Following a briefing with top public safety, emergency management and housing officials today, Governor Deval Patrick urged residents across the Commonwealth to take extra precautions during the period of dangerously cold weather the National Weather Service is forecasting will begin tomorrow, and directed state agencies to coordinate with cities and towns to protect the public's safety.
"As this bitter cold approaches, I have put state agencies on high alert to respond to any public safety and public health issues that may emerge, including contacting our largest individual emergency shelters to ensure they will be open to everyone around the clock," said Governor Patrick. "We are also reaching out to cities and towns to make sure they are prepared, and have pledged support, where needed, of state fuel assistance, transportation, emergency housing, and emergency management resources."
Governor Patrick, in coordination with the United Way and the Massachusetts Emergency Management Agency, has put the Mass 2-1-1 call center on high alert, particularly for individuals seeking fuel or sheltering services. Any resident in need of assistance can call 2-1-1, 24 hours a day, seven days a week.
The Patrick-Murray Administration recently announced that Massachusetts will receive an additional $73 million in emergency federal fuel assistance, bringing its total allotment to $173 million. Thanks to this infusion of funds, heating oil delivery vendors will be able to make emergency deliveries to eligible individuals and families. To find their nearest provider, residents should call 1-800-632-8175.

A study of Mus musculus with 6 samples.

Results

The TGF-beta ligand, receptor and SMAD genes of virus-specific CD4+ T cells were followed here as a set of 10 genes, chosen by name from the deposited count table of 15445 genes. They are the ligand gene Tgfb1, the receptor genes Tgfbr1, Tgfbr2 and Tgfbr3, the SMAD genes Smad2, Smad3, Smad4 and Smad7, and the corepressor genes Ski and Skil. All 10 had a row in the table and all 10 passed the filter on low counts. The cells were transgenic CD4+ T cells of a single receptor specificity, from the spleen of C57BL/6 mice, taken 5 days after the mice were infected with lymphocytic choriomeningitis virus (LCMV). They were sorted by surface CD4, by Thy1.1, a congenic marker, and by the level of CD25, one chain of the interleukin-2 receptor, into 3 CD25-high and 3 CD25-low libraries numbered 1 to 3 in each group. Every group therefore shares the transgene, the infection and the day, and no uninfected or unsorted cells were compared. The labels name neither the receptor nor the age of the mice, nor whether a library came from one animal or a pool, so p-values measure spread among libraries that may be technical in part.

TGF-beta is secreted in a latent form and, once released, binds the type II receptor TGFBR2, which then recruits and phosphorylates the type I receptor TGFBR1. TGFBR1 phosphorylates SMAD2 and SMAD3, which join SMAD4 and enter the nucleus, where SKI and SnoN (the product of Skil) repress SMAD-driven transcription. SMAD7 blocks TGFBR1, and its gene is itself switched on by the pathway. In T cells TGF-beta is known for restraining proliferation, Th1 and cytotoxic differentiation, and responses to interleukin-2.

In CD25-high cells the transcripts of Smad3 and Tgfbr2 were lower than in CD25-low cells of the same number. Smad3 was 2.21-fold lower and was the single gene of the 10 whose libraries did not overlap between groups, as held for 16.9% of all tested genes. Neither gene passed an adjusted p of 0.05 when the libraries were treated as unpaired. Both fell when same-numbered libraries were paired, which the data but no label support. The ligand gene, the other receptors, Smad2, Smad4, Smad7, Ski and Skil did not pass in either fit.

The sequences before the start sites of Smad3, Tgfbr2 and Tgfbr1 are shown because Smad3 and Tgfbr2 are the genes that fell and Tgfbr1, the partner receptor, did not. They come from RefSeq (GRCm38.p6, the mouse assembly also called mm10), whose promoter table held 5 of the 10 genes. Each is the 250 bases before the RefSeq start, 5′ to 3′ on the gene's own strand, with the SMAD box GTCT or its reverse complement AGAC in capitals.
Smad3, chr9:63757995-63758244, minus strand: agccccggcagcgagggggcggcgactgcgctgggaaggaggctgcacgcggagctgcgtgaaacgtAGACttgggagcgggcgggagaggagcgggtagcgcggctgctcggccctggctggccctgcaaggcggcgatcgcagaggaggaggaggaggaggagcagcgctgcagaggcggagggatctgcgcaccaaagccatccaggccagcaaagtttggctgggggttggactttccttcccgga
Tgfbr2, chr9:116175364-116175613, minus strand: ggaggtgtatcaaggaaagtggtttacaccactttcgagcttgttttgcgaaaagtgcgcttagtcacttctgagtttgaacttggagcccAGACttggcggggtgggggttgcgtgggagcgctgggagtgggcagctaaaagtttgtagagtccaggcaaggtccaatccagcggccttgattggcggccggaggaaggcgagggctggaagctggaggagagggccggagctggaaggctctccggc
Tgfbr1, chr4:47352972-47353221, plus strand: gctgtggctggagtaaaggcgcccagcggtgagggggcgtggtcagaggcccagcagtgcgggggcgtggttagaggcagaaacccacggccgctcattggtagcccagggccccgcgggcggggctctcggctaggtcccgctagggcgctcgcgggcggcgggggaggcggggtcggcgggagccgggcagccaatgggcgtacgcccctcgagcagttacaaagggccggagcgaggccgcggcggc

The Patrick-Murray Administration also recommends individuals take the following safety precautions:
Stay indoors. First and foremost, we recommend that you minimize outside activities in the next few days, particularly for elderly residents and the very young.
Make sure you have emergency heating equipment in the event that you use electricity - as well as sufficient fuel. When utilizing alternative heating sources, such as your fireplace, wood stove, or space heater, take the necessary safety precautions - and ensure that your smoke and carbon monoxide detectors are working.
* The state Fire Marshall also recommends that residents be extra wary about use of space heaters, which present a fire risk. Space heaters need space, so use them in a 3-foot circle of safety, free of anything that can catch fire. Keep in mind that they are not designed to replace your central heating system, they are only designed to provide a little extra heat on a temporary basis. So be sure to turn them off when you leave a room or go to bed at night.
Residents who see homeless individuals outside during the extreme cold are encouraged to call 911 so that local police can transport them to emergency shelter.
* As in any emergency situation, please check on your elderly or vulnerable neighbors to ensure that they have what they need to ride this out and have taken the appropriate precautions as well.